In retrospect, the experience taught me a couple of valuable lessons.

Mary and I made our weekly trip to Publix a couple of hours later than usual last Saturday night, and by the time we got to the check-out line, the staff of cheerful baggers was diminishing. We bagged our own groceries, and pushed our own cart to our car.

As I was loading our purchases into the back of our minivan, a young man on a bicycle pulled up behind me and launched into a well-rehearsed tale of woe. I couldn’t follow his story in detail, but it included mention of having had contact with police earlier in the day and needing money to get to another city.

Panhandlers do not offend me, but I rarely give them money. I gave him my usual response: “Sorry, I can’t help you.”

At that moment, a friend drove up, reached out to shake my hand, and quietly asked, “Is everything okay?” His arrival seemed to encourage the panhandler to take his leave, and I thanked my friend for checking on me. The entire episode was over in a couple of minutes, and it wasn’t until I was driving away that the pieces started coming together in my mind.

I was a chronologically gifted person in a largely empty parking lot late at night, approached by a person on a bicycle seeking money from me. He could have fled to his choice of two multi-lane highways in 30 seconds or so.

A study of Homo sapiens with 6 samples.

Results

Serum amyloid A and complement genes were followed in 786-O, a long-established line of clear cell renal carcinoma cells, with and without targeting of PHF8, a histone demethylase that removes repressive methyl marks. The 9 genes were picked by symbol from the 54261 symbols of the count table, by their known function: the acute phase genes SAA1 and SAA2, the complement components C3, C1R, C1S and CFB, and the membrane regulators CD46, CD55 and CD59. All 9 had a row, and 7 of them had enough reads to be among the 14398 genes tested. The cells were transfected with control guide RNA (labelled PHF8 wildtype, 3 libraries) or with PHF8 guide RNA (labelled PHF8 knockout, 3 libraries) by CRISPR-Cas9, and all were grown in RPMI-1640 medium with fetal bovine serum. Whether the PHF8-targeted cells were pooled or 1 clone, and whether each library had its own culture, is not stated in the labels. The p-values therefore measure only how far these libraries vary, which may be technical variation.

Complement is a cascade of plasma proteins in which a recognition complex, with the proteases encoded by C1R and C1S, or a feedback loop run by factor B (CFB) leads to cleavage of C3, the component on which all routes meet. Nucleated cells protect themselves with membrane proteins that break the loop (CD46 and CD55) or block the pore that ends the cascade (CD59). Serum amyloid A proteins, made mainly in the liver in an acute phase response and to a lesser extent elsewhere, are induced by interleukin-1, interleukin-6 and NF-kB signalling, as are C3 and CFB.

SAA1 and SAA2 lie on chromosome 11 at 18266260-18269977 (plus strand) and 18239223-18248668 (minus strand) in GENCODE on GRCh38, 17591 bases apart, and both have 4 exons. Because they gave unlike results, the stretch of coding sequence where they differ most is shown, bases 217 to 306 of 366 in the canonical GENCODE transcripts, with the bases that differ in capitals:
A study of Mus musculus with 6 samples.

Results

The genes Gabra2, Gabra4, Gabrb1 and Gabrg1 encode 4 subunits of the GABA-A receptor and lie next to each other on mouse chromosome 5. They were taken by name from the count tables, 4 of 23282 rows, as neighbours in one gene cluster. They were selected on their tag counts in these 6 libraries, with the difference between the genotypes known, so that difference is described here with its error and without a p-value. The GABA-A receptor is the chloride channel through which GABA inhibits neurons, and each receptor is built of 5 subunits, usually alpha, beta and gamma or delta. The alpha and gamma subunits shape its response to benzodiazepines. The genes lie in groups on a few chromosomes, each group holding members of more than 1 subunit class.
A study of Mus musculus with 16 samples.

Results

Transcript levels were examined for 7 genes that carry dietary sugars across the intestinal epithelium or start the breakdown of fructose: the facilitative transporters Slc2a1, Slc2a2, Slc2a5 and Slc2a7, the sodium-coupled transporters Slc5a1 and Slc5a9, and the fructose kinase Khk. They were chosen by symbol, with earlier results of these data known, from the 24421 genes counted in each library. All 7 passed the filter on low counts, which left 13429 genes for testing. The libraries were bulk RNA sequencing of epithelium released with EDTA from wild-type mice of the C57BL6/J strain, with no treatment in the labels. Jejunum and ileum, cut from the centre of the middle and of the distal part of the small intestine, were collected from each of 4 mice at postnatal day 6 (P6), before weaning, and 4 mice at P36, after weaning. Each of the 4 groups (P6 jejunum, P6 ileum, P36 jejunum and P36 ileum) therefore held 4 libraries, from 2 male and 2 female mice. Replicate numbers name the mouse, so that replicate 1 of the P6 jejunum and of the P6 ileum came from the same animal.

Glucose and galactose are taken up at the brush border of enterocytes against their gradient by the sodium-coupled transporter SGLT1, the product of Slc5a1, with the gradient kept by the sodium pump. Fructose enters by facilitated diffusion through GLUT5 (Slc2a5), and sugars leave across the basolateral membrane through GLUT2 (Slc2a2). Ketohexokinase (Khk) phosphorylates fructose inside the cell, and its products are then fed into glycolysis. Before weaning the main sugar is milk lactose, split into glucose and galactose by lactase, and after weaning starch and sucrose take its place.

Had he pulled a weapon, or even knocked me down, I would have been easy prey.

So here’s what I learned:

Lesson One — My friend’s willingness to get involved by driving up and asking me if everything was okay suddenly tipped the odds in my favor. I sent him an email that night thanking him for his intervention. He replied, “You are very welcome. I didn’t know if the guy might be up to some mischief. Just wanted to be there for you.”

I have promised myself to do the same for others if I should witness a similar encounter.

Lesson Two — In the future, when shopping after dark, I will be sure to seek out a bagger, if necessary (and it usually is not necessary), to take my purchases to the car. While I would not expect him or her to engage in a physical altercation with a mugger, I figure that (a) the presence of another person would be a deterrent to someone with felonious intent and (b) the bagger could run back to the store for help.

No, I am not paranoid, but reflecting on what could have developed into a different scenario has prompted me to give a little thought to protecting others or myself in such circumstances.


(S. L. Frisbie is retired. He has written a book of advice entitled “Frisbie’s Laws.” One of his laws is “Always Have Plan B.” It had never occurred to him to have a Plan B for dealing with a panhandler. Now he does.)